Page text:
Popular Gov. Jim Justice challenges the moderate Democrat

West Virginia Gov. Jim Justice announces his U.S. Senate campaign on April 27. Associated Press/Photo by Chris Jackson

Manchin’s seat could tip the Senate scales in 2024

In his home state of West Virginia, U.S. Sen. Joe Manchin has a reputation for accessibility, reliability, and charm. Even as the state shifted from heavily Democratic to staunchly Republican in the past 40 years, the Democrat won elections for state senator, secretary of state, and governor. In the U.S. Senate since 2010, Manchin has garnered national attention as a moderate who pushes fellow Democrats to spend less taxpayer money.

“Manchin knows a good many of those [voters],” said Joey Garcia, a Democratic West Virginia delegate. “He may not remember every one of their names, but I’ll bet a majority have some sort of story where they’ve met the senator. … They may be voting Republican now, but they’ve been voting for Joe Manchin since the 1980s.”

Late last month, West Virginia Gov. Jim Justice announced plans to run for Manchin’s Senate seat in 2024. Justice not only is popular with voters in the Mountain State but also has one other advantage: While Manchin is known for compromising with Republicans, Justice actually is one.

Going into the 2024 campaign season, Republicans hope to win back control of the Senate from Democrats, who are hanging on to a 51-49 majority. In West Virginia, Justice is projected to have the edge—for now. Before even announcing his candidacy, polling sponsored by the Senate Leadership Fund and conducted by the Tarrance Group showed that Justice found support among 52 percent of likely voters in the state compared to 42 percent for Manchin.

Garcia used to work for Justice, who won election as governor in 2017 as a Democrat.

“I was his senior counsel for legislation and policy until eight months later when he decided to change parties,” Garcia said. “He’s a big ideas guy. He’s a populist—I don’t know that he’s a Democrat or a Republican.”

Garcia remembers thinking of Justice as a giant personality. He was a billionaire who made his fortune in the coal industry. He could find out what people wanted in a leader and provide it.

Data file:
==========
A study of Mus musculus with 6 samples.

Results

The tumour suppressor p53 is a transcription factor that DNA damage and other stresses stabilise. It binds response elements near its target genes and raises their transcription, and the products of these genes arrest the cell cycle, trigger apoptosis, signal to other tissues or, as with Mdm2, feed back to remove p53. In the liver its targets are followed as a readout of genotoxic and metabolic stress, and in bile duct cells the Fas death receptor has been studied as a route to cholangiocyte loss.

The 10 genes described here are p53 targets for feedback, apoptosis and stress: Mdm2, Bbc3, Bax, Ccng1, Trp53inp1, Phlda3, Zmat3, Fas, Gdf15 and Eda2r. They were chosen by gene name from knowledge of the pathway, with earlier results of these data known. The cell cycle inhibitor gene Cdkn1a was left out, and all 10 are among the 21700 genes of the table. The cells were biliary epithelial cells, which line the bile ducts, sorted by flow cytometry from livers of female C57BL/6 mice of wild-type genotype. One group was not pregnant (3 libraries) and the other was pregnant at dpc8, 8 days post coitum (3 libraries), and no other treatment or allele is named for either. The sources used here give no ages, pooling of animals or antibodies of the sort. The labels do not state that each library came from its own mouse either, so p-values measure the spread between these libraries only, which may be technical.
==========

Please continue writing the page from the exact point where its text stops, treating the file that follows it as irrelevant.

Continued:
“I think he’s a caring person,” Garcia said. “During COVID he held press conferences every day and threaded the needle pretty well. [He was] a big proponent of vaccines and masks, but when people pushed back, he figured out how to do the popular thing.”

According to a study led last year by Morning Consultant, a survey and data firm, Justice boasts a 64 percent approval rating, making him the fifth most-popular governor in America.

Justice has also caught the attention of national Republican leaders like Senate Minority Leader Mitch McConnell. He will likely receive funding from the Senate Leadership Fund super PAC, which backing could separate him from other Republican challengers such as U.S. Rep. Alex Mooney, who has also announced his bid for the Senate.

Manchin hasn’t said whether he will run for reelection. In recent public statements, he highlighted his confidence in his electability.

“I will win any race I enter,” Manchin said in a recent interview.

Manchin has wielded enormous influence in debates on some of President Joe Biden’s largest legislative ambitions. Manchin refused to greenlight the nearly $4 trillion legislative package known as Build Back Better. His involvement and negotiation between members of the Democratic Party helped turn that gridlock into the bipartisan Infrastructure, Investment, and Jobs Act, which became law in November 2021.

Garcia said that if Manchin choses to run, he’s still the best chance Democrats have in the state. He has the best funding and political ability.

Del. Mike Pushkin, chairman of the West Virginia Democratic Party, agreed: “No one is more accessible than Sen. Manchin. He doesn’t care about what letter they have after their name. … He has exemplary constituent services.”

Leo Briceno

Leo is a WORLD politics reporter based in Washington, D.C. He’s a graduate of the World Journalism Institute and has a degree in political journalism from Patrick Henry College.